University of Guelph ag students are being an active voice in the food conversation.
When it comes to talking to the next generation of Canadians about their food, who better to do it than the next generation of Canadian farmers and agricultural leaders? As students at the University of Guelph we are perfectly positioned to bring the conversation about food and agriculture to our peers on campus and that’s exactly what we set out to do.
Food and agriculture are central to the identity of our college within the university and is part of what sets us apart from other Canadian universities. Despite this, we felt that a large portion of our campus has never had an opportunity to learn about where their food comes from before it reaches the grocery store. With this in mind the Student Federation of the Ontario Agriculture College (SFOAC) created the #uogfoodtalk initiative. Our objective is to generate conversations about food and agricultural technology, and create opportunities for people to have their questions answered by professionals. All our events are tied together by the social media hashtag #uogfoodtalk.
Our first event was a panel of industry professionals that tackled controversial topics such as GMO’s, pesticides and the organic label. It was aimed to provide the students at U of G with a better understanding of what Canadian farmers and regulators are doing to ensure the food we eat and produce is safe for both people and the environment. Our panelists included Hugh Martin, chair of the CGSB technical committee on organic agriculture and former organic crops program lead with OMAFRA; Greg Hannam, partner in Woodrill Ltd and cash crop farmer; Dr. Maria Trainer, Managing director of Science and Regulatory Affairs for CropLife Canada; and Crosby Devitt, Executive director of the Canadian Seed Trade Association. The event was a success and about 150 people attended, including students, university staff and faculty, and community members. We saw lots of engagement with the hashtag on Twitter during the panel presentation.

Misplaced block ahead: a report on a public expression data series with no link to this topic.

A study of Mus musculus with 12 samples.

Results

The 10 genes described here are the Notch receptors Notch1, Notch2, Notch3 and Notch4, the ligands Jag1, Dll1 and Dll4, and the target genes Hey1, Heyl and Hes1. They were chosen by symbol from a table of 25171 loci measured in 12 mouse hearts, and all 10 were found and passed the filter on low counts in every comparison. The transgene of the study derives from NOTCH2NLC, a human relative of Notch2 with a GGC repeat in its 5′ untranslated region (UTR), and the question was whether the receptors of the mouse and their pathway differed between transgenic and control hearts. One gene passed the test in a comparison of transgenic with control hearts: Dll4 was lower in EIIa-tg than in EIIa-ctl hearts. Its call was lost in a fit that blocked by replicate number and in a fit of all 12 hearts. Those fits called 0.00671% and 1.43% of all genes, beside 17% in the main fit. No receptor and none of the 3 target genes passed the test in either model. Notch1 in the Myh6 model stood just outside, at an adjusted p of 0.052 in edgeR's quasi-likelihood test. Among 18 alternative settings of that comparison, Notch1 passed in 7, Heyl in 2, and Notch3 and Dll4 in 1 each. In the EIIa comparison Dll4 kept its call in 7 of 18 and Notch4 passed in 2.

Our second event was held in the University Centre courtyard and was intended to create as many short impressions as we could. We arranged to bring in displays from different commodity groups and spent the whole day talking to students about where their food comes from, the farms we were raised on and why we love this industry.
Apart from creating a conversation about food and agriculture on campus, #uogfoodtalk is an excellent opportunity for us to get to know our consumers as well. We love to talk about food and farming; having honest one-on-one conversations with people who are genuinely curious about what we are doing helps us understand both sides of the story. By listening to their concerns we gain a better understanding of the perspective of an average consumer. This feedback helps us create events that approach what our students want to talk about.
The #uogfoodtalk initiative has received an incredible amount of industry support and we owe our thanks to the commodity groups and Farm and Food Care Ontario who generously donated materials and resources for us to use at our events. We are looking forward to continuing to develop #uogfoodtalk on campus next year.